Can Low-Dose Avandia for Diabetes Avoid Lethal Side Effects?

Can new research breathe life into the controversial diabetes drug Avandia?

ByABC News
June 2, 2010, 12:16 PM

Jun. 3, 2010— -- Amid calls to pull the controversial diabetes drug Avandia from the market, new research suggests that a low dose of this GlaxoSmithKline drug may help prevent diabetes without undue risk.

Though the study, published Wednesday in the Lancet, showed few adverse side effects for a low-dose treatment, diabetes experts say Avandia has a history of potentially lethal side effects, and that further testing and use of this dangerous drug is questionable.

"This is a desperate attempt to salvage a dangerous drug," Dr. Sidney Wolfe, director of Public Citizen's Health Research Group, says of the study. Wolfe urges that trials on Avandia, known clinically as rosiglitazone, be halted due to the mounting evidence that the drug brings with it significant risk of heart attack, weight gain, and other health risks.

In the study, test subjects were given a half-dose of Avandia paired with another diabetes drug, metformin, over a four-year period. They saw "very little in the way of adverse side effects," says study author Dr. Bernard Zinman of the University of Toronto. The study was not designed to test cardiovascular safety however, and the results cannot speak to the controversy surrounding the drug, Zinman says.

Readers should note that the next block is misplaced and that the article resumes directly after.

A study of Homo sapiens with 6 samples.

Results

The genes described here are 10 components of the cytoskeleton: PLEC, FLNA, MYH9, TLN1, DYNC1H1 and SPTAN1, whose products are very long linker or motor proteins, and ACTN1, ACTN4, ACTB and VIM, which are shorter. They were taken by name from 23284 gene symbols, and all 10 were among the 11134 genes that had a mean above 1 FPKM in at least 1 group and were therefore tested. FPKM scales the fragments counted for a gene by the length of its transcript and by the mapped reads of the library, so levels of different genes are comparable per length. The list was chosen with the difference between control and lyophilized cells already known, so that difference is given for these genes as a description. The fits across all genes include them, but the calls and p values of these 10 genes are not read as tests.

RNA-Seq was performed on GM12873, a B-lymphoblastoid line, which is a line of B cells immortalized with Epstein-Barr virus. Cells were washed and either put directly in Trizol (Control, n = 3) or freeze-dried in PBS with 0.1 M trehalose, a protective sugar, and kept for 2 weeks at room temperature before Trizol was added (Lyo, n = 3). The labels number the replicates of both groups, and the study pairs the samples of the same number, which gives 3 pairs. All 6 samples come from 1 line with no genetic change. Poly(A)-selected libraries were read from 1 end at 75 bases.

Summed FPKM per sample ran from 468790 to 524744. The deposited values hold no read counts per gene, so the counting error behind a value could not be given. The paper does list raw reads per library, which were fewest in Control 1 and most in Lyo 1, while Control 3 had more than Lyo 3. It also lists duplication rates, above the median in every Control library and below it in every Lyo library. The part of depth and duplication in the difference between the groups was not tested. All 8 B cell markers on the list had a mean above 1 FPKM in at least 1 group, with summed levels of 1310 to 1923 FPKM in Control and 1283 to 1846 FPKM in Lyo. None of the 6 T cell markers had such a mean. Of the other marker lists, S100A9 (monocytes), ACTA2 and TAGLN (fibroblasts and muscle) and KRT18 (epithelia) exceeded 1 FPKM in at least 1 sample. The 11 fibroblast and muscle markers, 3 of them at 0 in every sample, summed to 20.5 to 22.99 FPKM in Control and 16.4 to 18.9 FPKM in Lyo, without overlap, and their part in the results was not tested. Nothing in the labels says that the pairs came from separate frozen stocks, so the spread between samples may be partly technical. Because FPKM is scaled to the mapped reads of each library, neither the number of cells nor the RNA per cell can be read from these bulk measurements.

"I can't say that this is strong evidence that [Avandia] is safe, but it implies that at this dose it is much better," Zinman says.

Given Avandia's troubled history, complete with thousands of patient law suits and FDA recognition of its added risks, however, diabetes experts question the motivation for continuing research on this drug.

Avandia's competitor, pioglitazone (Actos), works just as well with fewer risks, and intensive lifestyle counseling has been shown to work as well with no side effects, so, Wolfe asks, why continue to play with fire?

The drug combination in the Lancet study reduced the relative risk of developing type 2 diabetes by 66 percent among those patients at risk when compared to placebo.

Past studies have shown that intensive lifestyle counseling can reduce diabetes risk by nearly 60 percent, but Zinman says that this type of regular coaching is difficult to implement without society-wide changes in diet and exercise habits.

While all participants in the study received one-on-one coaching on diet and exercise changes in the first year, nearly forty percent of those who received only this counseling and a placebo went on to develop diabetes while only 14 percent of those treated with drugs did.